A surpising "negative" rating for a family of Charles Schwab target date funds is bringing some new focus to the challenges of managing those products.
Morningstar issued the rating last week, citing consistent overturn in the management of Schwab's TDFs and a lack of experience among those in charge of the products.
According to a report by Morningstar analyst David Falkof, that frequently changing list of manager has included Daniel Kern, who oversaw the products from Oct. 2008 until last year, followed by Mike Gilliam, a Schwab veteran who handled the TDF holdings for just seven months.
Gilliam's replacement since February is Zifan Tang, a Barclays veteran who is new to portfolio management, Falkof noted, with "no previous public track record managing money ... the ultimate portfolio decisions are now in the hands of a novice manager."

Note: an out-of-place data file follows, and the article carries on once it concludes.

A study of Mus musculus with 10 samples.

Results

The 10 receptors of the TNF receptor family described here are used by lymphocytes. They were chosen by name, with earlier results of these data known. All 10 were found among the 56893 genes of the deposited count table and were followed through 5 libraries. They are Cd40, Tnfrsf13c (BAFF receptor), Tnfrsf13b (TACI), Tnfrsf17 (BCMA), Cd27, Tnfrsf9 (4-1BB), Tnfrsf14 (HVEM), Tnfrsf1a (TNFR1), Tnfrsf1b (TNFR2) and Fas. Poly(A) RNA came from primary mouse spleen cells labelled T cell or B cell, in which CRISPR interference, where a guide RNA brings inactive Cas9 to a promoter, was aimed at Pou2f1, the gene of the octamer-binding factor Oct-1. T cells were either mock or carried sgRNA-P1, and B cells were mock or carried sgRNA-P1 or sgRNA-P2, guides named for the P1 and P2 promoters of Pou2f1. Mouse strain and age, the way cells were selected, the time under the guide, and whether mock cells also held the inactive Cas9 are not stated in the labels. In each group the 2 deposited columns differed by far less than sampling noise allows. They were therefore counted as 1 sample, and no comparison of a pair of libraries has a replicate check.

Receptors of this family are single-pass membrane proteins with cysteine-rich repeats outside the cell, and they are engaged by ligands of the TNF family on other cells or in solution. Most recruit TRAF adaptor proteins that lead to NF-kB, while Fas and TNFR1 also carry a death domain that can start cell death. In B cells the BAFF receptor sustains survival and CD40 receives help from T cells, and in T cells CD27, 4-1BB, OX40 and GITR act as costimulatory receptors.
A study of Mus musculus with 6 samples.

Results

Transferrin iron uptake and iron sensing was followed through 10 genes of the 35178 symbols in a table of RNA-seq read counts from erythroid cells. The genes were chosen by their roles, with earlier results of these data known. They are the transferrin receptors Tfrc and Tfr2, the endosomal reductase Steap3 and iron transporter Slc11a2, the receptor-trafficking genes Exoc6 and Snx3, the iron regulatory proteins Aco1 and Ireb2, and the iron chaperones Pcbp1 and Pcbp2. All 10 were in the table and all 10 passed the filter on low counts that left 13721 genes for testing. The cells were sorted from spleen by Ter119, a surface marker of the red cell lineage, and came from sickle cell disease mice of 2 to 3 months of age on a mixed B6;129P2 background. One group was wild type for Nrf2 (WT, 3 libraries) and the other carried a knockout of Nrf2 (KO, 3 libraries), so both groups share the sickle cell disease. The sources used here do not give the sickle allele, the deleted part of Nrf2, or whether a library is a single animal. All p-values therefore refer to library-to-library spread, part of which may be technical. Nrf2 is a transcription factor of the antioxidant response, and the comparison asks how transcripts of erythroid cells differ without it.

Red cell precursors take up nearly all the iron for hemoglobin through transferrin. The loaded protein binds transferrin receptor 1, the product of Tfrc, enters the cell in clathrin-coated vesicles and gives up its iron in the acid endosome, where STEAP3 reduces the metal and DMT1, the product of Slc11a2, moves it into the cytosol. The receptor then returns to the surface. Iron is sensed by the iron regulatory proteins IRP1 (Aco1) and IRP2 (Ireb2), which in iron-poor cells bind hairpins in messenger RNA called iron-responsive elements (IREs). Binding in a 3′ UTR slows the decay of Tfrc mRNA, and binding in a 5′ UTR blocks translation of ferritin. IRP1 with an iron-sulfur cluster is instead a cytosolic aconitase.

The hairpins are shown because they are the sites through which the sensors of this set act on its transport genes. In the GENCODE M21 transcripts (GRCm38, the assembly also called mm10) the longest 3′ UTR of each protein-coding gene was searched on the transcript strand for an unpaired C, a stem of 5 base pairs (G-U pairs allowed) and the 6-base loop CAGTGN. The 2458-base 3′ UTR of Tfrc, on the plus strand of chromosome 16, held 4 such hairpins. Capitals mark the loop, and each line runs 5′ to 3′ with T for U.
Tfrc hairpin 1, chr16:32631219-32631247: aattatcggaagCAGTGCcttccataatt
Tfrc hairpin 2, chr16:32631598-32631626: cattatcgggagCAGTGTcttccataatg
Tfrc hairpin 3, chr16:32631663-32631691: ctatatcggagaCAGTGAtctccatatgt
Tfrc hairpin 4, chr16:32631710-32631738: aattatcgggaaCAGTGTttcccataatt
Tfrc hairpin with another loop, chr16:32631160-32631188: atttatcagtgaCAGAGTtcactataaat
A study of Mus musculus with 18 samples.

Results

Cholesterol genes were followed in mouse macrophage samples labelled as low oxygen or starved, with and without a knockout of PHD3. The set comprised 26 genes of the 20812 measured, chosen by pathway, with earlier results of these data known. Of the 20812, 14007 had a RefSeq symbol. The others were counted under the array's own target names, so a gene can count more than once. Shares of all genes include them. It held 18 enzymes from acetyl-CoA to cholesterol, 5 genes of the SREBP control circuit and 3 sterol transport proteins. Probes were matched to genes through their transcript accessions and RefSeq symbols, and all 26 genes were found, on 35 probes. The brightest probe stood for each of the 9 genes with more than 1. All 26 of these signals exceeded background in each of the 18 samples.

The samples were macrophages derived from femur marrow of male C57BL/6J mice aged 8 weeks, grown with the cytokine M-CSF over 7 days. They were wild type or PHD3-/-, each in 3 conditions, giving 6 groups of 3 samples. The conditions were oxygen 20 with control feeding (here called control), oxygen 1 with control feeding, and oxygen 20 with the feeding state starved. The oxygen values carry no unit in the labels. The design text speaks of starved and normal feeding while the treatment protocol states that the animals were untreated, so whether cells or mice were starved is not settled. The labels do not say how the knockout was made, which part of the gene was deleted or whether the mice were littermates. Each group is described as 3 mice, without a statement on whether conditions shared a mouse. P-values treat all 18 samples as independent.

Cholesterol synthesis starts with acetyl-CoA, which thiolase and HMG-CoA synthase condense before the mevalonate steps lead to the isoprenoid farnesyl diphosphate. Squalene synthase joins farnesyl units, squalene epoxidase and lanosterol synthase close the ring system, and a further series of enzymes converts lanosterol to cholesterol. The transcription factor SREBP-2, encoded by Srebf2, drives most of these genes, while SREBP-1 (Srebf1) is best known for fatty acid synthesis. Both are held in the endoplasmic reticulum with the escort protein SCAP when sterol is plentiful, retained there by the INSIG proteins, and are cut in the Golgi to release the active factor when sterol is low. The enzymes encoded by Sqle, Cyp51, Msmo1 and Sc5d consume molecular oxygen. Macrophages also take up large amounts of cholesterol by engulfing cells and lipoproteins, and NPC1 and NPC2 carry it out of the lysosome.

Schwab insists the funds are still under trained and professional management, with a larger family of experts overseeing the decisions made: Falkof counters that two thirds of the Schwab TDF investments are in total market and short-term market index funds, both of which have seriously underperformed.
TDFs - and their appropriateness as an investment tool - have been criticized by organizations such as the Investement Fiduciary Leadership Council, which questioned the merits and the prudency of TDFs in retirement plans.
"Not every employee has the same risk tolerance or financial goals as their colleagues," wrote the organization in a prepared viewpoint. "The importance of establishing risk tolerance is, by itself, enough to make everyone think twice about using target date funds as a form of retirement investing."